Although it's not official yet, it's starting to look like Marion Cotillard will indeed play a role in "The Dark Knight Rises," the final Batman film from director Christopher Nolan, and it's being described by those breaking the story as the "love interest" for the movie.

I would be surprised if this is a throwaway character, and much of the speculation around the role has centered on Talia Al Ghul, daughter to Ra's al Ghul, played by Liam Neeson in the first film.  In the comics, Talia is one of the most significant romantic matches for Bruce Wayne, having actually fathered Damian Wayne, the fifth Robin.  Talia would certainly bring the film series full-circle, and there were many early reports that she was being brought into the continuity in some way.

What drives me crazy during the period between Batman movies is the way fans tie themselves in knots over what did or didn't happen in the comics, and what that means to the movies.  By now, it should be apparent that Christopher Nolan hasn't been following any established continuity to the letter.  Instead, he's allowed himself and his creative team to play with various elements from throughout the entire mythology of Batman.  I'm hoping he does the same thing as a producer on Zack Snyder's "Superman," and it looks to me like that's going to be the case on "The Amazing Spider-Man" over at Sony, too, as well as "X-Men: First Class".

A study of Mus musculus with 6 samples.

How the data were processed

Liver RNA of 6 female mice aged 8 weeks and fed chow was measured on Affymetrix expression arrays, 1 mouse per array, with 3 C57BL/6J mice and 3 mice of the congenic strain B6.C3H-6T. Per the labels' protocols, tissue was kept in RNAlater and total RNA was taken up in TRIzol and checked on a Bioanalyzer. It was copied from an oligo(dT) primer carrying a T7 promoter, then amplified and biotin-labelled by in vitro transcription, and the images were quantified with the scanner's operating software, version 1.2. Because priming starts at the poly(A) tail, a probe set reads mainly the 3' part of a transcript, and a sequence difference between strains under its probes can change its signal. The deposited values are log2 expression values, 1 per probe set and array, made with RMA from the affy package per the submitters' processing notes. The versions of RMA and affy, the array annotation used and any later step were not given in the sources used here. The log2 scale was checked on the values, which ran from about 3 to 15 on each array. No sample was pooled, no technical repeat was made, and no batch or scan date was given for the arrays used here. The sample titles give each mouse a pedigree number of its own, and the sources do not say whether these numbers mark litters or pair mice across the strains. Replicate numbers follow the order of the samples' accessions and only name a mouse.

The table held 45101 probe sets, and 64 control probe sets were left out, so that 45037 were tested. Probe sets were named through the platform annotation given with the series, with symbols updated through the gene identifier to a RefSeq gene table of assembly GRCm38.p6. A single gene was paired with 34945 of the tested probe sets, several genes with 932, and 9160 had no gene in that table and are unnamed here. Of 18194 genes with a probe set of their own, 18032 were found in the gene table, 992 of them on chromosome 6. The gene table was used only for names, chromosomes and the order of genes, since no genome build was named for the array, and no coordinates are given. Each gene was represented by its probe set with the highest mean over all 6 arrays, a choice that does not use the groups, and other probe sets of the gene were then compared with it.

We are entering the second real stage of the age of the superhero movie, and I think conversations about how close something is or isn't to a particular run of a comic book are irrelevant.  For the films to work… for any of these films to really work as movies… there has to be a freedom to build something as a film franchise first, and as an adaptation second.

Let's see who Cotillard is playing.  Let's see how Nolan plans to close out the story he's been building over the first two films, particularly since he's had to rethink his use of the Joker.  Let's see if he's going to try to connect both Joseph Gordon-Levitt and Cotillard by birth to fallen fathers in the form of Carmine Falcone and Ra's Al Ghul.  If so, this final film really needs to deal with Bruce Wayne officially and conclusively putting his own damaged family issues behind him, something that has to happen if he ever hopes to be the fully realized version of Batman. 

Whatever the case, it's an exciting time, because we're finally seeing real choices by Nolan, and not just fanboy wishlisting that gets bounced around the Internet echo chamber to fill the void of real news on the movie.  We're getting close, and as a result, there should be a trickle of solid information and then a flood of it.  Rejoice, Batfans, because the Dark Knight is indeed about to rise.